This is a picture of Connecticut Insurance Commissioner Katharine L. Wade.
Insurance Commissioner Katharine Wade. Arielle Levin Becker / The CT Mirror
This is a picture of Connecticut Insurance Commissioner Katharine L. Wade.
Connecticut Insurance Commissioner Katharine L. Wade. Arielle Levin Becker / The CT Mirror

House Speaker J. Brendan Sharkey became the first Democratic leader Friday to call on Insurance Commissioner Katharine L. Wade to recuse herself from ruling on Anthem’s merger with Bloomfield-based Cigna, the commissioner’s last private-sector employer before joining the administration of Gov. Dannel P. Malloy.

Malloy, who spoke to reporters before Sharkey’s statement, said he saw no actual or apparent conflict in Wade’s continuing to play a pivotal role in reviewing the merger of the two major health insurers. He said there was no reason for the public to question Wade’s independence.

“It is an independent decision. She was asked to accept this position. Opinions were garnered with respect to standards,” Malloy said, referring to an opinion from the Office of State Ethics. “Those standards have been met. If they weren’t met, then she should withdraw, but she has met those standards, and quite frankly we need a steady hand directing our approach to what is a very complicated issue.”

Less than an hour later, Sharkey issued a statement saying that at the very least Wade’s connections with Cigna, including her husband’s continued employment there, was problematic, even if the state ethics office has found no conflict with the state ethics code.

“At a minimum, the commissioner should recuse herself from further involvement in the Cigna-Anthem merger review,” Sharkey said. “Whether a potential conflict crosses a legal ethical line should not be the only factor here. Perception of a conflict is also an important part of the equation, and most onlookers, including consumer and healthcare advocates, following this issue all have the same perception.”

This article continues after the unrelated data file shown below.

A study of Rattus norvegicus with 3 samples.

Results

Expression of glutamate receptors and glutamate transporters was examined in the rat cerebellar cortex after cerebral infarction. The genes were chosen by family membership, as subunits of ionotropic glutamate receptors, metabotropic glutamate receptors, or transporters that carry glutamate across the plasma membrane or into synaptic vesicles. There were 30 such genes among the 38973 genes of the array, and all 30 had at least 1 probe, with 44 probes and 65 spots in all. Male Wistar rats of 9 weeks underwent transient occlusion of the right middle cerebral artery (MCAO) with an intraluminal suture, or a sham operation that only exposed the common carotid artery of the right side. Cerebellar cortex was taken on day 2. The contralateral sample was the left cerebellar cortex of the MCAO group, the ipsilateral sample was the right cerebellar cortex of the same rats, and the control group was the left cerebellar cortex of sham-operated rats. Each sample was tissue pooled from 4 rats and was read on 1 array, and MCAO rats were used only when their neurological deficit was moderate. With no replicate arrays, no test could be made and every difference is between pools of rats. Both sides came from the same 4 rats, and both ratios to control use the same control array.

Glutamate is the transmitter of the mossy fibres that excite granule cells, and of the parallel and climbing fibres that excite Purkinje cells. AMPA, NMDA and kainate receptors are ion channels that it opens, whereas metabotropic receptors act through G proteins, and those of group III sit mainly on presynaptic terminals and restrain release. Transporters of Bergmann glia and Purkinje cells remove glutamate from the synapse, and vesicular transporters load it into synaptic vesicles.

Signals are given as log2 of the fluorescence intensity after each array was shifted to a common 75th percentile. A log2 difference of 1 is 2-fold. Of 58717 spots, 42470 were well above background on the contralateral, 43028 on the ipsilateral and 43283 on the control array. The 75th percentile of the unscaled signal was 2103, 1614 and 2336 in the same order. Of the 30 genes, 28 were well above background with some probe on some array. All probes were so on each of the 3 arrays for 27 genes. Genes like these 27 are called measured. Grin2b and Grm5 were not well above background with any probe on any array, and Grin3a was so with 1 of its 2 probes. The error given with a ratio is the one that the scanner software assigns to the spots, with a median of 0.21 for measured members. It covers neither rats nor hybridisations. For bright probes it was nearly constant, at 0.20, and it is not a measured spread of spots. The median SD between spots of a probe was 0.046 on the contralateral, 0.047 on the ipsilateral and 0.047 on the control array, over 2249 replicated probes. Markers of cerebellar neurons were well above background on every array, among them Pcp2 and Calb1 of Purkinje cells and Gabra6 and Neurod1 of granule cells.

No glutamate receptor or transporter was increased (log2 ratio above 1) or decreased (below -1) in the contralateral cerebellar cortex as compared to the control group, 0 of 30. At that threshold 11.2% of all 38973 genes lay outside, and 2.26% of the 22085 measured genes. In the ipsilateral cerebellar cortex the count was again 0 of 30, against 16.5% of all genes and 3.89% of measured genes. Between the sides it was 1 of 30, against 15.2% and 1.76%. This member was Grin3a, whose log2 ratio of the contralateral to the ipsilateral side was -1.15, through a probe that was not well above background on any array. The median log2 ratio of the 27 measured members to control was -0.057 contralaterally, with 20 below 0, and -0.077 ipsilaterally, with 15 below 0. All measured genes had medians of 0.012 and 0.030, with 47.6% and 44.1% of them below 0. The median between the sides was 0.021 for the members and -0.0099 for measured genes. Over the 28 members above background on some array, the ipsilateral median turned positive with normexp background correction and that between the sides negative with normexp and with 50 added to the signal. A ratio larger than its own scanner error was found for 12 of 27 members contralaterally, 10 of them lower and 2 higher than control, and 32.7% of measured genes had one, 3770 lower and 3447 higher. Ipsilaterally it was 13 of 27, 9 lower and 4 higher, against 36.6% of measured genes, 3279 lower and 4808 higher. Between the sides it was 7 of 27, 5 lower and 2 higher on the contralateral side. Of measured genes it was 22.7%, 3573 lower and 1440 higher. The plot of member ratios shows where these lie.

Wade is the leading state regulator on the Anthem-Cigna merger, a $48 billion deal that was announced last year within weeks of the one between Aetna and Humana, which is worth about $37 billion. The two mergers would shrink the U.S. healthcare insurance market from five major insurers to three.

House Speaker J. Brendan Sharkey
House Speaker J. Brendan Sharkey File Photo /

The Universal Health Care Foundation is circulating an online petition calling for Wade to leave the insurance department.

“We have launched a petition calling on Gov. Malloy to ask Commissioner Wade to resign immediately,” the foundation said. “Once Commissioner Wade steps down, Connecticut should start fresh with a new review of the Anthem-Cigna merger that is free of conflict, transparent and open to real public input.”

Senate Minority Leader Len Fasano, R-North Haven, and Sen. Kevin Kelly, R-Stratford, reiterated Friday a call they first made last fall for Wade to step aside.

“If Connecticut hopes to restore even a shred of public trust, Commissioner Wade should do as we requested a year ago,” they said in a statement. “She must be completely transparent regarding her relationship with Cigna; she should disclose the Cigna benefits she still remains eligible for, including her blind trust; and she should share as much detail about the transaction as possible with the public. Because she has not been able to do that thus far, she must recuse herself from overseeing this merger.”

Mark is the Capitol Bureau Chief and a co-founder of CT Mirror. He is a frequent contributor to WNPR, a former state politics writer for The Hartford Courant and Journal Inquirer, and contributor for The New York Times.